Lenten Reflections Of Monsignor Charles Cooper
- a period of six weeks
in the Christian Year, leading up to Easter -
By Monsignor Charles Cooper
To have an understanding of Lent, we need to go back in time and examine the situation of Christians in the first centuries of the Church.
It was a time when throughout the then-known world of the Roman Emperor, Christians were an insignificant minority of the population, regarded with suspicion.
As a result, those people who were Christian ha to have a strong conviction of the truth of Jesus Christ and their lives were totally committed to living every aspect of their lives in accord with the Teaching of Jesus Christ.
Christians, wherever they were, tended to have formed themselves into very close-knit, self-supporting communities. They knew each other well, had had to learn to be discreet about themselves, especially in times of persecution!
But they also saw themselves as acting as a "leaven" in the life of the secular community and hoped that by the goodness of their lives, the sense of conviction and joy that should be apparent in their lives, others might be attracted to discover from them the source of the goodness and happiness, which was, of course, the Person of Jesus Christ.
When someone or some group of persons indicated they could be interested to learn more about Christians and their way of life, these people were regarded as "Enquirers", and some members of the Christian community would meet with them on a regular basis until such time as they were convinced of their sincerity and the Enquirers indicated they wanted to seriously pursue their search into the truth of Jesus Christ.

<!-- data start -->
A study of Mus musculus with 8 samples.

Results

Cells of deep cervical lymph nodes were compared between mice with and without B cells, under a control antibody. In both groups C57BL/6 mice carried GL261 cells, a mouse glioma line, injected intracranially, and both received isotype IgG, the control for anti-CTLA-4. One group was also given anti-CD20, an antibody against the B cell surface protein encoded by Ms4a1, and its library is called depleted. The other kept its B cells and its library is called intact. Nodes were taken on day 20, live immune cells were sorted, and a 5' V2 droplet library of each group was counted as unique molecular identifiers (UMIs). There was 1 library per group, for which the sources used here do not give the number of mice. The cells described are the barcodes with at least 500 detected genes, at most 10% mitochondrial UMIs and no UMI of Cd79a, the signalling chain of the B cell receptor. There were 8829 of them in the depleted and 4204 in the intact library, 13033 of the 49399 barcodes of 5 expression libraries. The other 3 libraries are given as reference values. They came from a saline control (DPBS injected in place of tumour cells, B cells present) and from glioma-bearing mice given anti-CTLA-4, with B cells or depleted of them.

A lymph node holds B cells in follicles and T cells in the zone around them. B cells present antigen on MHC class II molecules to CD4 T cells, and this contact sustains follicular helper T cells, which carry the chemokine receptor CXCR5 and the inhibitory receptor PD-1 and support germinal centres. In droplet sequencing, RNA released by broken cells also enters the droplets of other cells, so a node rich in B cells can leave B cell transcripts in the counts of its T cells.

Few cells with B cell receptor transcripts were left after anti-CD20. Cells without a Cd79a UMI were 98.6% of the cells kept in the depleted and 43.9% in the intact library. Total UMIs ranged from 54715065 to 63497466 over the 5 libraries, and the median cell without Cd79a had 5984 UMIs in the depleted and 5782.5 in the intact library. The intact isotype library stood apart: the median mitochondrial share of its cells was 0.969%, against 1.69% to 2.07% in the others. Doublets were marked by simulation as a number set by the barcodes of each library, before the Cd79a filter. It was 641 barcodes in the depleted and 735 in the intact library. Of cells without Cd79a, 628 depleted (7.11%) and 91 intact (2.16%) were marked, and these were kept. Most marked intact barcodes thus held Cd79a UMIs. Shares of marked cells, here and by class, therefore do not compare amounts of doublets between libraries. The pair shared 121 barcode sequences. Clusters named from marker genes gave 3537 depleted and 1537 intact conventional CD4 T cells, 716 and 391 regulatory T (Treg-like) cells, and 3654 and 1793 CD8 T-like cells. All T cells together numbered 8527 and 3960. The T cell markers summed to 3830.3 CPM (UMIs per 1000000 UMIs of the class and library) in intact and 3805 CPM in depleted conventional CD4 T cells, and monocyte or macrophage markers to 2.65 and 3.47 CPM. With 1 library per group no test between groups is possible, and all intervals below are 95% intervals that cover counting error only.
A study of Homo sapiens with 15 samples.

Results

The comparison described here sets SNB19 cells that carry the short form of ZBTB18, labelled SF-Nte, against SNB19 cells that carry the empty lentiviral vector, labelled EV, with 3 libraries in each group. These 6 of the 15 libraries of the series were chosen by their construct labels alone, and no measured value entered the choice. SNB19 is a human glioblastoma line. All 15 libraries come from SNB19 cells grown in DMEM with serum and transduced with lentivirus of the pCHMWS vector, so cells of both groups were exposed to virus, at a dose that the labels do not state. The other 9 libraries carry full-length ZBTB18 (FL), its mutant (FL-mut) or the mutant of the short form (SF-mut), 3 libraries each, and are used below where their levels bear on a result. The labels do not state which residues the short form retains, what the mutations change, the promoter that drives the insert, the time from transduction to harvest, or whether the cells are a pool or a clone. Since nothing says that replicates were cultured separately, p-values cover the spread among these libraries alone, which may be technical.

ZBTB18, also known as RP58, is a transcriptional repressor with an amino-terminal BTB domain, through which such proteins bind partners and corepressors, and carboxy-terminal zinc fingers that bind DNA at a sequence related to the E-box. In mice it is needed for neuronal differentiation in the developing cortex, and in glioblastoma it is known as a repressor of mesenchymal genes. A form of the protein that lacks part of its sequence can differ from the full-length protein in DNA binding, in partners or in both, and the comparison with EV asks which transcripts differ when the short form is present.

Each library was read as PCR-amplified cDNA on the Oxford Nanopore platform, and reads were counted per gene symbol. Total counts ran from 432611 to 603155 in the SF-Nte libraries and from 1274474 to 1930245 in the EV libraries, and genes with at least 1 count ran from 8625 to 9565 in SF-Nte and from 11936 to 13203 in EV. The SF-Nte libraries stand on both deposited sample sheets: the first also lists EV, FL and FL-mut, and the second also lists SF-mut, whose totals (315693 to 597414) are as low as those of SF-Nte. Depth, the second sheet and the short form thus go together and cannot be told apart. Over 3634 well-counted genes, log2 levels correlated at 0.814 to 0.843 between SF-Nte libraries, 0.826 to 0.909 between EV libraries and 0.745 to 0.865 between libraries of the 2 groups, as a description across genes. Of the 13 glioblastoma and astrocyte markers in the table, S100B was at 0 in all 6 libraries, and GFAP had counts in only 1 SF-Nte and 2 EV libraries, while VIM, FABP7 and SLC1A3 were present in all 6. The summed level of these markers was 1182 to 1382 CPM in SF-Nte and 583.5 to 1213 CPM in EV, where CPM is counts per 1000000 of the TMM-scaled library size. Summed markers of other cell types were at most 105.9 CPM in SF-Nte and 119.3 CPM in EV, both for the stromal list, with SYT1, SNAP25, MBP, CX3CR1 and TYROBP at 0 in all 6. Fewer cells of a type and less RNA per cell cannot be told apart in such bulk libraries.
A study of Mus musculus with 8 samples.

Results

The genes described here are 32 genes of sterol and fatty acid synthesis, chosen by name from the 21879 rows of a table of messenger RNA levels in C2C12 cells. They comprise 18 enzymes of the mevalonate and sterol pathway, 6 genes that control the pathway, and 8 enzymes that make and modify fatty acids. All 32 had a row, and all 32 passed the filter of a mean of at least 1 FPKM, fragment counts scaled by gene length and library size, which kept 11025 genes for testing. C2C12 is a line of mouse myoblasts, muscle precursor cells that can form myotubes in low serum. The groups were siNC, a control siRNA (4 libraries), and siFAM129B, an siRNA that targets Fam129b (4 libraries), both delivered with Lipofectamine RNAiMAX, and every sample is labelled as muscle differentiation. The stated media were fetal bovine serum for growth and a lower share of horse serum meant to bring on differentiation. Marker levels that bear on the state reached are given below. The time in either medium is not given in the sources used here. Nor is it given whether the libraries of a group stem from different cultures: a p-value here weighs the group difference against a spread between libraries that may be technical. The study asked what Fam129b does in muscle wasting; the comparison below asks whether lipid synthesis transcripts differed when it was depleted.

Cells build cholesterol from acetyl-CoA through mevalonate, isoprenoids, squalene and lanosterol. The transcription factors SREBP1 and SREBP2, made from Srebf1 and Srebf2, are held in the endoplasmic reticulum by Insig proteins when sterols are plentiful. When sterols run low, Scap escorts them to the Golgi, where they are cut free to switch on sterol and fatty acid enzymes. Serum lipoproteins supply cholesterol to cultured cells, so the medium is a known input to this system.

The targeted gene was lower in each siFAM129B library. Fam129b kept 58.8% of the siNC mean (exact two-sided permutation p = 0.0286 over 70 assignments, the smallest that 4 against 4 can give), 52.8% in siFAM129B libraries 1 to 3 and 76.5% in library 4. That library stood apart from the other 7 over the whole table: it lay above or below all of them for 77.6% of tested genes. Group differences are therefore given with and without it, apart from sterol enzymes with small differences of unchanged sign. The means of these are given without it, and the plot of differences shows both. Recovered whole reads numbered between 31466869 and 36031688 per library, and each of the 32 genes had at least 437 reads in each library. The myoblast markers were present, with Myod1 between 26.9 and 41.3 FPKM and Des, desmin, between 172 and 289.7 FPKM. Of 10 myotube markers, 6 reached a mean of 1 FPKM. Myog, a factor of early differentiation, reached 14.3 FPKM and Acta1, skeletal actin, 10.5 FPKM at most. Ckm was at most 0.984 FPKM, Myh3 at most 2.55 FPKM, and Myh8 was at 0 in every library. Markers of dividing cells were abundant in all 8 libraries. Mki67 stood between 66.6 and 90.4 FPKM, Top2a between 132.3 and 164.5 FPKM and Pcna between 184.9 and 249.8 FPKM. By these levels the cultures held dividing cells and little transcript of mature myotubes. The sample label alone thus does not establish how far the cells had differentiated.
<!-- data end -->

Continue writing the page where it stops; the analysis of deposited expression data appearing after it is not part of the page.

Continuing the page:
Then they would be formally received into the local community, or Church, as provisional members, and they were called "Catechumens".
During that period they participated in the life of the Church community, especially in their services of worship centred on the Bible, and in works of social concern such as tending to the needs of the sick, orphans and widows.
But they were excluded from the religious ritual of the Church called the Eucharist when Christians re-enacted what Jesus had doe at the last Supper on the night before he was crucified.
Essentially, being a Catechumen meant being on probation or serving an apprenticeship. They were given instructions. Learnt more about Jesus Christ, his life and teaching, and came to a fuller understanding about themselves and the purpose of human existence.
They were free to withdraw from membership of the community and, equally, the community could decide whether they were suited to be given full membership.
When the Catechumens were ready for full membership, which was conferred by Baptism, also called "Christening" and when they would be allowed to join the rest of the community for the Eucharist, they had to undertake a six-week period of intense preparation involving daily instruction, prayer and works of charity.
Since Baptism took place at Easter, these six weeks of concentrated preparation took place immediately before that great Christian Festival.
For that six-week period of preparation, the candidates for Baptism had to take leave from their normal occupation to give themselves full-time to their learning, prayer and good works, and hhey would be totally supported and looked after by the rest of the Christian community.
So for the rest of the community, caring for them and helping them, this six weeks became a time of revision and renewal.
After the conversion of Constantine and the Edict of Toleration in 313 AD, Europe gradually became Christian and everyone was baptised when they were very young children.
With that change there were no more adult Catechumens.
But the six week period of preparation before Easter remained and remains to this day, for followers of Jesus Christ, as a time of renewal as well as a preparation for Easter.
- Author Monsignor Charles Cooper is the priest of San Antonio Parish, Eastbourne, Wellington, New Zealand.